Feb 15, 2011 Table of Contents

Please note: This information was current at the time of publication. But medical information is always changing, and some information given here may be out of date. For regularly updated information on a variety of health topics, please visit familydoctor.org, the AAFP patient education Web site.

Information from Your Family Doctor

Allergic Conjunctivitis

Am Fam Physician. 2011 Feb 15;83(4):476.

What is allergic conjunctivitis, and what causes it?

A clear, thin lining covers your eyeball and the inside of your eyelids. If something irritates this lining, your eyes may become red and swollen. Your eyes also may itch, hurt, or water. This is called conjunctivitis. It is also known as pink eye.

When an allergen causes these symptoms, the condition is called allergic conjunctivitis. You cannot spread it to other people. Some allergens that cause this condition include: pollen from trees, grass, and ragweed; animal skin and fluid such as saliva; perfumes; cosmetics; skin medicines; air pollution; and smoke.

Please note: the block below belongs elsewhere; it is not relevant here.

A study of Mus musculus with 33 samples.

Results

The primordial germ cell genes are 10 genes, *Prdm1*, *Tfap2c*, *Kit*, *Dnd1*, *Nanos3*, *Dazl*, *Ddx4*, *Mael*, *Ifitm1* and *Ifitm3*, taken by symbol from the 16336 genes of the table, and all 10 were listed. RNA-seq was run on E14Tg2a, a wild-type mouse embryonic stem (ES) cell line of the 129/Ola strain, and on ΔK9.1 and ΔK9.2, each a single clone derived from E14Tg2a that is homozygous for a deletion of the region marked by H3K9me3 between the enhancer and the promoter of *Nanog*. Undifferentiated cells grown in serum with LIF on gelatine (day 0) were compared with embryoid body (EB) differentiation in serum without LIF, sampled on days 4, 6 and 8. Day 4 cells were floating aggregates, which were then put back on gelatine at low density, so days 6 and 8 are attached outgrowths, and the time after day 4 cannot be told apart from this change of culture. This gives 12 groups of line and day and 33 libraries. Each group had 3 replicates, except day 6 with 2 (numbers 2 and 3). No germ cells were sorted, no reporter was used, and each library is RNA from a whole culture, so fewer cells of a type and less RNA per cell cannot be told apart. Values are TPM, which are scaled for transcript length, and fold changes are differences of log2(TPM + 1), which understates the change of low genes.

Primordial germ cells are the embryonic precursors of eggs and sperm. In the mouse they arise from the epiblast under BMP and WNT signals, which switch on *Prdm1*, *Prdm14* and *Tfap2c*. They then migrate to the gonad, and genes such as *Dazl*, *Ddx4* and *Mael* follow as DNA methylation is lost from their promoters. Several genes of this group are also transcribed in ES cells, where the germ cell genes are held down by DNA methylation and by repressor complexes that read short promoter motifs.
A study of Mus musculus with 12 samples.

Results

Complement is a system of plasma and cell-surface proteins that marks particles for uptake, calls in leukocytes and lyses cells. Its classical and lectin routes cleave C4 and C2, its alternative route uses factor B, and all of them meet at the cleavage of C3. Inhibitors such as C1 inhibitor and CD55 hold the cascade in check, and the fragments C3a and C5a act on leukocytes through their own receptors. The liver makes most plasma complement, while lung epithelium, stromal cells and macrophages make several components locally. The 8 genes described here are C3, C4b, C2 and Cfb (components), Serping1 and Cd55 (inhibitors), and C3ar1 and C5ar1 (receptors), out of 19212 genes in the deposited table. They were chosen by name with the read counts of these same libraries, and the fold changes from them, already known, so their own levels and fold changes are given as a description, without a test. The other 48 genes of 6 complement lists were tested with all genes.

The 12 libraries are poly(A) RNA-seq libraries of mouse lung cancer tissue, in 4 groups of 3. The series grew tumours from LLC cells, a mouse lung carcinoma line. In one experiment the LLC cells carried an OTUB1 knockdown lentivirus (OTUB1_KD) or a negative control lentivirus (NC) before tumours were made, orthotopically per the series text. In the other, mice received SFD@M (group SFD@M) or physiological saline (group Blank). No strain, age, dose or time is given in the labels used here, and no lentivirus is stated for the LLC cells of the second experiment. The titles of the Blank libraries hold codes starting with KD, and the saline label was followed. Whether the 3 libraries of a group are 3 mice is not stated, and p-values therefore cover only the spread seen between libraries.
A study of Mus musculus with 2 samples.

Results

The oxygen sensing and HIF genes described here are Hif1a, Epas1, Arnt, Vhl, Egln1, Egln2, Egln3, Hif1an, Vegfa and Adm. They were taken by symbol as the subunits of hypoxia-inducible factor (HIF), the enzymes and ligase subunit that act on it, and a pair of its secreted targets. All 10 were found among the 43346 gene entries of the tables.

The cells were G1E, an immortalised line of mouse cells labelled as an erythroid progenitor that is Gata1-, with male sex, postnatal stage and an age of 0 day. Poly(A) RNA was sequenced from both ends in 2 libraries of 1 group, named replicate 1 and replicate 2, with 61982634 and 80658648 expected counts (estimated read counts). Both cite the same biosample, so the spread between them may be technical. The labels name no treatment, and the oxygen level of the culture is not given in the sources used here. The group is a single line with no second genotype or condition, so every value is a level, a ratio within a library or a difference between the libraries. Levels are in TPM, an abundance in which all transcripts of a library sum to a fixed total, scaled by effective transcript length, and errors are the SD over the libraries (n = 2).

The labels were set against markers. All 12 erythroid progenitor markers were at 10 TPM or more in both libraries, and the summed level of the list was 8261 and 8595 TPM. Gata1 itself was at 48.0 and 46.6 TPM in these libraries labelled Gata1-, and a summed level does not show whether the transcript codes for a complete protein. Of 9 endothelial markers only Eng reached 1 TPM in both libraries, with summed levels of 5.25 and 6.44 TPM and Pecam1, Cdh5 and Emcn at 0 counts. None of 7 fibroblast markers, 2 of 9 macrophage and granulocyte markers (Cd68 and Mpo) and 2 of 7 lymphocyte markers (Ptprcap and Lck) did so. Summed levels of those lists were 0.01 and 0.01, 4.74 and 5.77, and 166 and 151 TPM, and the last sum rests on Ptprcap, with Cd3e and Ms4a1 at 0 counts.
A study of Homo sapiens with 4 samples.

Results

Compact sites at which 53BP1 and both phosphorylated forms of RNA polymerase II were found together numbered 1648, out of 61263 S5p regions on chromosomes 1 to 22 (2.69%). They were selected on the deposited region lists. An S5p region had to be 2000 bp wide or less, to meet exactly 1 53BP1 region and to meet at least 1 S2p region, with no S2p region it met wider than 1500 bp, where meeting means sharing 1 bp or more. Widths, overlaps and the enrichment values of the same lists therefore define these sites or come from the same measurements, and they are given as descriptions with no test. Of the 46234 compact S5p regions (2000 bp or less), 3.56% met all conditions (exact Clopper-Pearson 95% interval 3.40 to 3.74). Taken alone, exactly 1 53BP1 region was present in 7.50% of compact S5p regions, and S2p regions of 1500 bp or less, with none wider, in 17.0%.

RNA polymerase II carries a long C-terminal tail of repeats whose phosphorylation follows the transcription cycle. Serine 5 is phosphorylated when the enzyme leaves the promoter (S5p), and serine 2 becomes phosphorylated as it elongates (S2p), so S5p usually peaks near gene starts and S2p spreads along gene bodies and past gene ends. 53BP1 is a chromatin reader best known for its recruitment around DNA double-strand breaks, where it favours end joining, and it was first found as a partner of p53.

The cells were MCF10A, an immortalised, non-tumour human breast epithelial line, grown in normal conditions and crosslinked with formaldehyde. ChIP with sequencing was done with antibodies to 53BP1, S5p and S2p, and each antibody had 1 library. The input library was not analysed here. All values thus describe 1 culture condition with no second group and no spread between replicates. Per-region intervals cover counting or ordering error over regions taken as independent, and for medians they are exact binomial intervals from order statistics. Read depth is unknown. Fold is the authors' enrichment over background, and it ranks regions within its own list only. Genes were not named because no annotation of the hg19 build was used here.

Will it damage my eyesight?

It is irritating and uncomfortable, but rarely affects your vision.

What can I do to avoid getting it?

Try to figure out what causes your symptoms. For example, if you are allergic to pollen or mold, stay indoors when those levels are high. You can usually find out when allergen levels are high from the weather report. Keep your doors and windows closed. Use an air conditioner during the summer.

How is it treated?

Steroid nasal sprays and antihistamine pills may help. Eye drops can also help relieve itchy, watery eyes and may keep symptoms from returning. Your doctor will talk with you about which treatment is right for you.

Do these treatments have side effects?

Many eye drops can cause burning and stinging when you first put them in, but this usually goes away in a few minutes. It is important to remember that all medicines might cause side effects, so talk with your doctor before using any medicine, including eye drops.

What else can I do to feel better?

It may help to put a cold washcloth over your eyes. Lubricating eye drops (sometimes called artificial tears) may also make your eyes feel better. You can buy these drops over the counter.

Can I wear my contact lenses?

It's not a good idea to wear them while your symptoms are bad because the contacts may cause the conjunctivitis to get worse. Instead, wear your glasses until your eyes feel better.


This handout is provided to you by your family doctor and the American Academy of Family Physicians. Other health-related information is available from the AAFP online at http://familydoctor.org.

This information provides a general overview and may not apply to everyone. Talk to your family doctor to find out if this information applies to you and to get more information on this subject.

Copyright © 2011 by the American Academy of Family Physicians.